CANMORE – First class firefighters in Canmore will earn $100,792 in 2018 as part of a new three-year agreement approved by council on May 7.
The terms of the collective agreement will see first class firefighters’ salaries increase by 2.2 per cent in 2018 and another two per cent in 2019 and again in 2020.
“These wage increases are in line with the rest of the province and also with our non-union employees,” said Therese Rogers, general manager of corporate services.
Firefighters had been working without a contract since Dec. 31, 2017 and unanimously ratified the agreement on April 15 of this year.
“Negotiations began in January of 2018 and after a series of formal meetings and several informal discussions we reached agreement with the union on April 3,” said Rogers.
“As with previous rounds of bargaining it was administration’s goal to negotiate with the Local (4705) and not with legal representatives from both sides.”
Rogers said both sides exchanged contract proposals in January 2018 and the agreement approved by council was reached following several productive meetings with the International Association of Firefighters – Local 4705.
The terms of the collective agreement cover Jan. 1 2018 to Dec. 31 2020.
“A freely negotiated collective agreement is the exception rather than the norm within the province, so we’re really proud of our union team and administration for being able to pull that off,” said Rogers, adding the Town has never had to enter arbitration to reach an agreement.
Fire Chief Walter Gahler said he was pleased with the agreement.
“When you’re able to negotiate a full contract in this climate right now, it’s usually a bit of a cause for celebration,” said Gahler, adding the meetings were very cordial and respectful.
“We disagreed, but we weren’t disagreeable and that’s something that I really try to instill with everything that we do. It’s fine to disagree and quite often you should, but don’t be disagreeable and both sides were really able to maintain that level of discourse and we were able to find common ground on all points to reach this negotiated agreement which we are very pleased with.”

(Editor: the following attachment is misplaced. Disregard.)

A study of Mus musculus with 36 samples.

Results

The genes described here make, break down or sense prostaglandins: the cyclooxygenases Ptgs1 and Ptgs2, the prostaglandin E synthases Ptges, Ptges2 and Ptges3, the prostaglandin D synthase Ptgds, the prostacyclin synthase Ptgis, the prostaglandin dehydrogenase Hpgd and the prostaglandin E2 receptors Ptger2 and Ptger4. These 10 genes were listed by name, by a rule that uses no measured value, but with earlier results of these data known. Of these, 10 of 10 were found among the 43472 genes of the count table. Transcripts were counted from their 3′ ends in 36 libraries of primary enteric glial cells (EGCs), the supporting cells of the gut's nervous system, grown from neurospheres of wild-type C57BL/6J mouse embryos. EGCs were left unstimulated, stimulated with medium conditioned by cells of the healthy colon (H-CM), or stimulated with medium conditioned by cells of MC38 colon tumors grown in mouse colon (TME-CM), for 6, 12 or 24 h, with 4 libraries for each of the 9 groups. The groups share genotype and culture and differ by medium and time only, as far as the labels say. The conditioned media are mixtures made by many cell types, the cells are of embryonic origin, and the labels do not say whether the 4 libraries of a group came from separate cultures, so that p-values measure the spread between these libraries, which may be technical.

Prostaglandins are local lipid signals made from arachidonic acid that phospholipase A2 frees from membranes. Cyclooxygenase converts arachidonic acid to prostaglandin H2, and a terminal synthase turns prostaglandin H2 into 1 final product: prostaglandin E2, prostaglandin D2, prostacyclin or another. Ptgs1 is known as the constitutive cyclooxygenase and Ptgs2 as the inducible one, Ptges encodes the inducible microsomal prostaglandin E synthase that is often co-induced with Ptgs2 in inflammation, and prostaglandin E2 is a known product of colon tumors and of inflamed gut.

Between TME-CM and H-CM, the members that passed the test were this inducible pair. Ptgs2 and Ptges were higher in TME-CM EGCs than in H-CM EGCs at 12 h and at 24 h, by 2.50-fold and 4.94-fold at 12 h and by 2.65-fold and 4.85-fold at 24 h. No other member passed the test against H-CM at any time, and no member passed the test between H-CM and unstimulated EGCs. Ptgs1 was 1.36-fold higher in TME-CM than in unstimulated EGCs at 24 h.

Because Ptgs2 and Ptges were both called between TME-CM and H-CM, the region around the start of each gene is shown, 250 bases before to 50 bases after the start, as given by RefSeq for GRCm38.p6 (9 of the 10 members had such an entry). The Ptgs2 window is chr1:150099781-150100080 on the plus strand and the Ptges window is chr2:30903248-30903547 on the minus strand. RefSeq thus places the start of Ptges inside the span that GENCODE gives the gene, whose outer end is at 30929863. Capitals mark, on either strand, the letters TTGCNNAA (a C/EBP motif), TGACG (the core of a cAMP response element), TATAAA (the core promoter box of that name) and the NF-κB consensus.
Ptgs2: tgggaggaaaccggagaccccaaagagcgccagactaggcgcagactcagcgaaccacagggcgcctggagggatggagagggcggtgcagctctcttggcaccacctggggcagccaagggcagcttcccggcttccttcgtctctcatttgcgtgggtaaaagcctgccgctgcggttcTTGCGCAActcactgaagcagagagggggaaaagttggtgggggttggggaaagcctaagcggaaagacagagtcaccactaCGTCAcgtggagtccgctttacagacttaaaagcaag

As part of the contract, new criteria was created to define a non-qualified firefighter and a qualified firefighter to allow the Town to pay premiums when a firefighter needs to play the role of captain in order to cover training, sick leave or vacation.
The contract also modified the amount of money paid if a firefighter dies in the line of duty.
Under the new contract, if a firefighter dies they will now be paid a flat rate of $10,000 instead of two month’s gross salary because a paid-on-call firefighter may not earn very much over a two-month period. The change brings paid-on-call firefighters compensation in line with full-time firefighters.
The probationary period for new firefighters was also increased from 540 hours to 12 months, with a possible further extension of six months.
“We feel this deal is a fair deal for both the employer and for our firefighters,” said Rogers. “They are not the highest paid in the province, but it reflects the size of our community.”
Mayor John Borrowman thanked administration for reaching a three-year agreement without having to enter into arbitration.
“I think I speak for the community when I speak about how confident we are in our fire services that are delivered here, and part of the reason we can count on fire and rescue services is because there is a good, strong relationship between the front line staff, administration and through the union,” said Borrowman.